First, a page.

Below are a few excerpts from an article elsewhere, that sort of illustrates some of what we're referring to, here. Somebody is looking for a chance to get out of the house, and is discovering that "freedom" isn't always everything it is advertised as being."Yes, I've tried the campus. Every time something starts to function as a central meeting place for students, even as a meeting place for the students of one department, the administration gets rid of it. The forum, the little circles at the top of the walkway, the table in the hallway in ECSW. Gone, gone, gone. The last, after (name deleted) of the theatre department informed me that he didn't like seeing HIS students just lounging around and talking, and he was going to do something about it. Not that this made him intolerant. Nooooo. As for staying in the dorms, and meeting people there, forget it. The University has a rule on its books prohibiting the presence of more than three people in a dorm room at a time. But you're still free to have parties. Just as long as no more than three people attend.
* snip *
As for meeting people in the great outdoors, say in one of the many parks that dot the city, one would have to stay around long enough for people to come by, and maybe stay a while. Won't happen, though. The ever vigilant Chicago police force will drop by, and enforce the anti-loitering ordinances, and ask you for a permit to assemble if too many people are hanging around. I still remember one guy who was hauled off for creating a public disturbance. His crime had been playing a game of charades in public. But, he'd already been warned about talking to strangers, so the patrolman saw no alternative, but to take him in, and pat down the rest of us for weapons. I had no idea that people took the game so seriously around here..."
... and that's pretty much what social engineering is. The subversion of individual freedom, through the manipulation of the environment in which social interaction occurs. For example, let's say that you and your friends, as modern day robber barons - I mean, captains of industry - would like to see a more docile workforce, one that's willing to work 80 hours per week. But gosh, people have lives, and they would like to keep it that way. No problem. Just make it a matter of standard operating procedure that your employees will be involuntarily relocated to other parts of the country once every few years, so they have no chance, ever, to set down roots, or establish a network of relationships outside of work.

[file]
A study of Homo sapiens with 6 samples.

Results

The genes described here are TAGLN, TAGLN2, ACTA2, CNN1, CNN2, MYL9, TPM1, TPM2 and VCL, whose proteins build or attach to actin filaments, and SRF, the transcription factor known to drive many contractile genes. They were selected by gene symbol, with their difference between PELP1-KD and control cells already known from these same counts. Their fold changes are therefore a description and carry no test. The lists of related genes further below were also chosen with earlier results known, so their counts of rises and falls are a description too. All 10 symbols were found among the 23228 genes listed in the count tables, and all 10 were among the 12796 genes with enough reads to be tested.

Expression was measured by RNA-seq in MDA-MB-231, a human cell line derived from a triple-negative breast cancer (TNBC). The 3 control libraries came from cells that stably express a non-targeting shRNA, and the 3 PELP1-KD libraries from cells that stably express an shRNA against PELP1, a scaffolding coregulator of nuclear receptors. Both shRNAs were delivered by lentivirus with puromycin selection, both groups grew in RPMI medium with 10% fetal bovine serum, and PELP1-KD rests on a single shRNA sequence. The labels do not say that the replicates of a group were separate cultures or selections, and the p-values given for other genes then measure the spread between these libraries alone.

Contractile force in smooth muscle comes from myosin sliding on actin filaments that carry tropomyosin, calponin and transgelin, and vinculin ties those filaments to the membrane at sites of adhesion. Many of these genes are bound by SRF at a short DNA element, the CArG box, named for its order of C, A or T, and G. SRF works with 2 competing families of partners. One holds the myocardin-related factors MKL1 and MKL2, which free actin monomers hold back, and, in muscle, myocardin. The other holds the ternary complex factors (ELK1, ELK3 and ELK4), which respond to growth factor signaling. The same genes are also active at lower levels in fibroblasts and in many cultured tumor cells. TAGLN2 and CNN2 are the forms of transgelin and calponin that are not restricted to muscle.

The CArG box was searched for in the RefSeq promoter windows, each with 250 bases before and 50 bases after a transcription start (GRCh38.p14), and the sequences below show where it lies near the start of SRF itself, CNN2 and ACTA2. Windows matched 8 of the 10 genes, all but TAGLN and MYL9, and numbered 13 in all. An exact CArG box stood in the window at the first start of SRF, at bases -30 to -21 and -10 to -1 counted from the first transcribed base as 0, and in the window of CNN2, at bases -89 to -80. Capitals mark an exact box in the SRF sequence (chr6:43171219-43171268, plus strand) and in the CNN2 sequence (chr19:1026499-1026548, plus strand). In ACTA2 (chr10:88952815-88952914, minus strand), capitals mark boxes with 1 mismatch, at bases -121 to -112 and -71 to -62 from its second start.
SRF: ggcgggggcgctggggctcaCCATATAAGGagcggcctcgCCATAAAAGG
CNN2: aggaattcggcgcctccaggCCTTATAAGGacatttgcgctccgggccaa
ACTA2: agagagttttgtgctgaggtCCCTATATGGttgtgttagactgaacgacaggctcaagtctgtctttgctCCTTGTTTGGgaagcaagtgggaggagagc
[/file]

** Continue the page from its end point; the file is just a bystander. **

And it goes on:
So much for those competing institutions of the extended family and community. Work, if they cave in, will be their whole lives. Stand up to their employers? Unlikely. To lose one's job is to lose every connection to humanity one has, almost. It's unthinkable. Now, fire anyone who refuses to relocate and get your friends and peers to enact identical policies, so that your slaves - I mean, employees - have no choice BUT to cave in.
Combine this with an urban environment in which opportunities to interact with one's neighbors are limited and almost invariably take place in tightly controlled environments (such as work, church (*), etc). See to it that alternatives having been shut down, either by periodically uprooting the small businesses that provide them so often as to keep the clientele from becoming established and comfortable enough in its location in order to allow for spontaneous interaction - or have been eliminated by fiat, by those one who entered office with the help of one's contributions (eg. the loitering laws). For good measure, see to it that the ideas discussed there have been introduced to them by media franchises held by one's friends or allies (note the hostile takeovers of media conglomerates).
Do these things, and one can have the illusion of freedom without the troubling, messy, reality of having it actually mean anything, or creating any real danger that many people will start questioning the status quo. It'll never occur to them that any alternative might exist that might have been worth exploring, any more than they'll remember well enough what it was to free, for them to be able to notice that they no longer are.
One may like to think that the non-corporate institutions in our society might serve as a counterbalance, but, in fact, none would. Most mainstream denominations do, in fact, preach against self assertion, and have never been known to offer more than a token objection to abuses of financial power. The universities, as illustrated in the above excerpts, in fact, have been pioneering many of the very sort of abuses that those in the business community seem rather fond of, when one speaks to them. As for government ... since when has government EVER been a champion of individual rights?
No, if we, as a people, wish to stand against efforts to guide us, as if we were a flock of sheep, we'll have to create new institutions, in order to oppose the old.